In this chapter you will learn
- Definition of reproduction its main types. And differences between asexual and sexual reproduction
- Different types of asexual reproduction in plants &animals
- Advantages and disadvantages of vegetative propagation
- Sexual reproduction in plants and animals
- Definition pollination, its types and significance
- Life cycle of a flowering plant and process of double fertilization
- The formation and dispersal of seeds and fruits, structure of seed and its germination
- fertilization and stages of development in frog
One of the basic characteristics of living things is their ability to reproduce. Reproduction is a biological process by which living things produce their young ones which are similar to the parents. Reproduction ensures the continuity of a species and also helps the organism to adapt itself to the changing environment.
16.1 types of reproduction
There are two principal types of reproduction, asexual and sexual. The organisms produced through asexual reproduction are genetically identical among themselves and also to their parents. These organisms fail to cope with the changing environment and if continue to reproduce this way, ultimately become extinct/ asexual reproduction is advantageous for the organisms as this method is efficient, a shorter time is taken for the species to inhabit or colonize the habitats. In the long term the organisms must reproduce by sexual reproduction to become successful over longer periods of time.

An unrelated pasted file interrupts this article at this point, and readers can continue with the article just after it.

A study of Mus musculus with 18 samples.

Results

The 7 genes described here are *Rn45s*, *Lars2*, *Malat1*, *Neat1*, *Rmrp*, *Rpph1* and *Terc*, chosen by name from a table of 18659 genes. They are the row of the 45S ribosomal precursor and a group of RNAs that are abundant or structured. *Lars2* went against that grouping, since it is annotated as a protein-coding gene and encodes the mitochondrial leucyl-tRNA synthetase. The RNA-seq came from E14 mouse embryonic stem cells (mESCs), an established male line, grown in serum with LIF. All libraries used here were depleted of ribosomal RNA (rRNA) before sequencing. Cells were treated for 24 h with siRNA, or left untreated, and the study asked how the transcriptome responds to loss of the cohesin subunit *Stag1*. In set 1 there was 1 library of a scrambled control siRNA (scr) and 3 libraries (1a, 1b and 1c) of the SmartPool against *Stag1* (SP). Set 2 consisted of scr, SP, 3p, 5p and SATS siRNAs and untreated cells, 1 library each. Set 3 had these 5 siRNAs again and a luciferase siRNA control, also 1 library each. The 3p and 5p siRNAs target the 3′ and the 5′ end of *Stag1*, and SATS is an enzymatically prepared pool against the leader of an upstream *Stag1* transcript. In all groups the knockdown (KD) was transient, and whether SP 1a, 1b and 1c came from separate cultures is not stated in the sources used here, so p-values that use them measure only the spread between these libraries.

“A population of genetically identical individuals produced from a single parent is called a clone”
In asexual reproduction no gametes are involved, all the offspring’s are produced from single parent by mitotic cell division.
The most important difference between asexual and sexual reproduction is that in the former, there is no mixing of hereditary material prior to the formation of new organism, but in the latter there is always mixing of hereditary material, either between two cells of the same organism or between two cells of different organisms of the same species.
The none mixing of hereditary material in asexual reproduction does not improve the genetic make up and does not produce variety among the descendents. So if environmental conditions, to which these organisms are well adapted, are changed, this would affect all the members of that species. Suppose if asexually produced plant has no resistance to a particular disease the whole population could be wiped off. In contrast the genetic variability is produced by sexual reproduction, which results in most cases by meiosis and mixing of hereditary material. This genetic variability helps the organisms to live successfully in changing environment. So some of the offspring would survive, even if most of them are wiped off by a particular disease, because the surviving organisms have the resistance to that disease. Some of the common methods of reproduction in plants and animals are binary fission, multiple fission, budding, spore formation, vegetative propagation, regeneration, parthenogenesis and sexual reproduction.